Sandy Springs will host a community input meeting for the conceptual planning of redevelopment in the North End on March 5.
The meeting will be held at City Hall at 1 Galambos Way at 6:30 p.m. There will be a brief presentation, followed by a community engagement session, according to a press release.
In December, the City Council awarded a $307,260 contract to architect firm TSW for the designs of four shopping centers in the North End: the former Loehmann’s Plaza, 8610 Roswell Road; the Northridge Shopping Center, 8331-8371 Roswell Road; the North River Shopping Center, 8765-8897 Roswell Road; and the Big Lots Center, 7300 Roswell Road.
TSW is required to design a total of 12 plans, three for each shopping center. One design will conform to the city’s Development Code, one will potentially require variances and the third will be “unique” and would not be bound by any code requirements, according to the procurement.
The RFP also requires the contractor to hold at least two public meetings: one at the beginning of the plan to take public input; and the second at the end to display the preferred conceptual plans. At least one meeting must also be held at each of the properties, the document said. The designs will also include the estimated cost.
This meeting is the first of several public engagement meetings planned as part of the plan development process, the release said.
“The concept plans are intended to illustrate how the community’s vision for reimaging the North End can be realized through a variety of recommendations, uses, and intensities for the four shopping centers within the study area,” the release said. “The designs are not development proposals by the property owners, but rather illustrative concepts that might spur the highest and best uses of key properties in this redevelopment area.”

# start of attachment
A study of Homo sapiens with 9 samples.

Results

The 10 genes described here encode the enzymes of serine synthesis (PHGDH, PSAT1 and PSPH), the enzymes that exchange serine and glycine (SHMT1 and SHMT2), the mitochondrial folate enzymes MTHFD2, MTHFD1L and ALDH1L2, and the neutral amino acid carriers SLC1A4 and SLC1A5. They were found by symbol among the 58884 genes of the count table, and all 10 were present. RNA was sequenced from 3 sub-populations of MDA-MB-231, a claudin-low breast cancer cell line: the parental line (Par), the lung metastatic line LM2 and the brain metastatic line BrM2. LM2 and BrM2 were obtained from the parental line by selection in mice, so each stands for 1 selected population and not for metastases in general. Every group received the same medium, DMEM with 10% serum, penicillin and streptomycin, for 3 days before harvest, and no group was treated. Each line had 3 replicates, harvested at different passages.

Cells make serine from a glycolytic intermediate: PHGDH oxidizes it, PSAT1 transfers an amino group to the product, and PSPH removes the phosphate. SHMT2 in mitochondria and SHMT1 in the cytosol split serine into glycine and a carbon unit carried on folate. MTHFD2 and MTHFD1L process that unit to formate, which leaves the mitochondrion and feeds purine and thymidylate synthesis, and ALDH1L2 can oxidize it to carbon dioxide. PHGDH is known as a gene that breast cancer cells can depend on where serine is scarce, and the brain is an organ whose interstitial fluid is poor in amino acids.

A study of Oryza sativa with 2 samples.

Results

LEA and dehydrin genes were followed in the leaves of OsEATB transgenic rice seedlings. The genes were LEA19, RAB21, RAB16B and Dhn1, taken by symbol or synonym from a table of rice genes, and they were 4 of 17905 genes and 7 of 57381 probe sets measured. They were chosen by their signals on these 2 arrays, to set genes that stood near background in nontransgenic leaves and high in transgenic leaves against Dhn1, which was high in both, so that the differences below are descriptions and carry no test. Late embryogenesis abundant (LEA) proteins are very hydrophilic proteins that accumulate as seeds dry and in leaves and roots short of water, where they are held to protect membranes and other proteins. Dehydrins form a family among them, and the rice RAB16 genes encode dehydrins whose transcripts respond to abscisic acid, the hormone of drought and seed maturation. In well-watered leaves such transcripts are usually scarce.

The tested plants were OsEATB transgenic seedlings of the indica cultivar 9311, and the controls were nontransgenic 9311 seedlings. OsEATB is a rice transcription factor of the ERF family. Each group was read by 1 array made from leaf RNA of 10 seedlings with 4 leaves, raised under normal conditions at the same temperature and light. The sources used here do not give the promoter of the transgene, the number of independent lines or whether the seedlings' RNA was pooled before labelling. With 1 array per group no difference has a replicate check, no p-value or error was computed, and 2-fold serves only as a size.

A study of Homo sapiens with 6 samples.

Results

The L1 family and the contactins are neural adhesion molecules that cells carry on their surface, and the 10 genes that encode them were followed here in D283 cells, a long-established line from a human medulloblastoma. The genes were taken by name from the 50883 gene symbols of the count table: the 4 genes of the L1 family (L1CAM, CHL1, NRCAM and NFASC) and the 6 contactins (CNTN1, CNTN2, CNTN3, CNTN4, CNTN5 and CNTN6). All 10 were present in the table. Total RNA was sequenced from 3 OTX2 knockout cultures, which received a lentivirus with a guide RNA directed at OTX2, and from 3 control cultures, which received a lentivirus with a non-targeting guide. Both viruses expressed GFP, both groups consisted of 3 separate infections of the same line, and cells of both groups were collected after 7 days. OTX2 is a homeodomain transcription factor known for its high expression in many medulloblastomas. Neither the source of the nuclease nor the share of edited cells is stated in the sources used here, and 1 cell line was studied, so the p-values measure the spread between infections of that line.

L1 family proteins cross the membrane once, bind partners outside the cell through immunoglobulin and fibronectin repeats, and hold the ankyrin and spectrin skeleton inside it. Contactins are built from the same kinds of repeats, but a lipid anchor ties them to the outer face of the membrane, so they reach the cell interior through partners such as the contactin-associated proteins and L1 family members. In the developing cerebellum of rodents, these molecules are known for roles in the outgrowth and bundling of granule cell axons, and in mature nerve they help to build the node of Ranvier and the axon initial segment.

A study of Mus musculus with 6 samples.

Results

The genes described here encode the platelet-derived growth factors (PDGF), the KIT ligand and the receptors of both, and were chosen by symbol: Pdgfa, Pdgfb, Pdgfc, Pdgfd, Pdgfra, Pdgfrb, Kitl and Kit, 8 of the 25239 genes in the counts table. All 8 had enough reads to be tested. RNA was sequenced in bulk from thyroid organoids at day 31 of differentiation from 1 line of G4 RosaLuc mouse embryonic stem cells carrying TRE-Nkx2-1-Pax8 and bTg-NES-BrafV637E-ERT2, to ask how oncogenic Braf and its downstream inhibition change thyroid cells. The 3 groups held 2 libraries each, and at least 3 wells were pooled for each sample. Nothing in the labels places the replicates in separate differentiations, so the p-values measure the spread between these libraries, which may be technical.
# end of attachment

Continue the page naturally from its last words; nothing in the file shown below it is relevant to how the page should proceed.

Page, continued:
In January, the city appointed a North End Advisory Committee to advise and review the forthcoming conceptual plans.
The committee and the consultant will also be exploring possibilities of a “North End Revitalization Zone,” which Mayor Rusty Paul has said will be created to pursue incentives in the area.
It is unclear what the exact format and duration of the committee will be. According to city spokesperson Sharon Kraun, the meetings will be public. The committee’s schedule has not been finalized yet.
Some of the shopping centers targeted for redevelopment already have plans in motion.
A Goodwill of North Georgia store and donation center will open in the Northridge shopping center, Tenee Hawkins, the director of public relations, said in a Feb. 10 email. Hawkins said the store does not have an opening date yet.
Caffeine and Octane at the Garage, a car-themed restaurant shop/restaurant/TV studio hybrid, received a tax break from the city at a Feb. 4 meeting and plans to open by this summer in the North River shopping center. The project comes from Bruce Piefke, a long-time resident and CEO of Sandy Springs-based company High Octane Events that stages the “Caffeine and Octane” exotic car shows at Perimeter Mall.
On the same day of the press release from the city, David and Melanie Couchman, longterm Sandy Springs residents, sent out a newsletter under their affordable housing advocacy group Sandy Springs Together. The newsletter urged the community to encourage the city to consider an affordable housing study before redesigning the shopping centers.
“Why not take the simple step to do a housing impact study before we redesign shopping centers in Sandy Springs,” the newsletter said.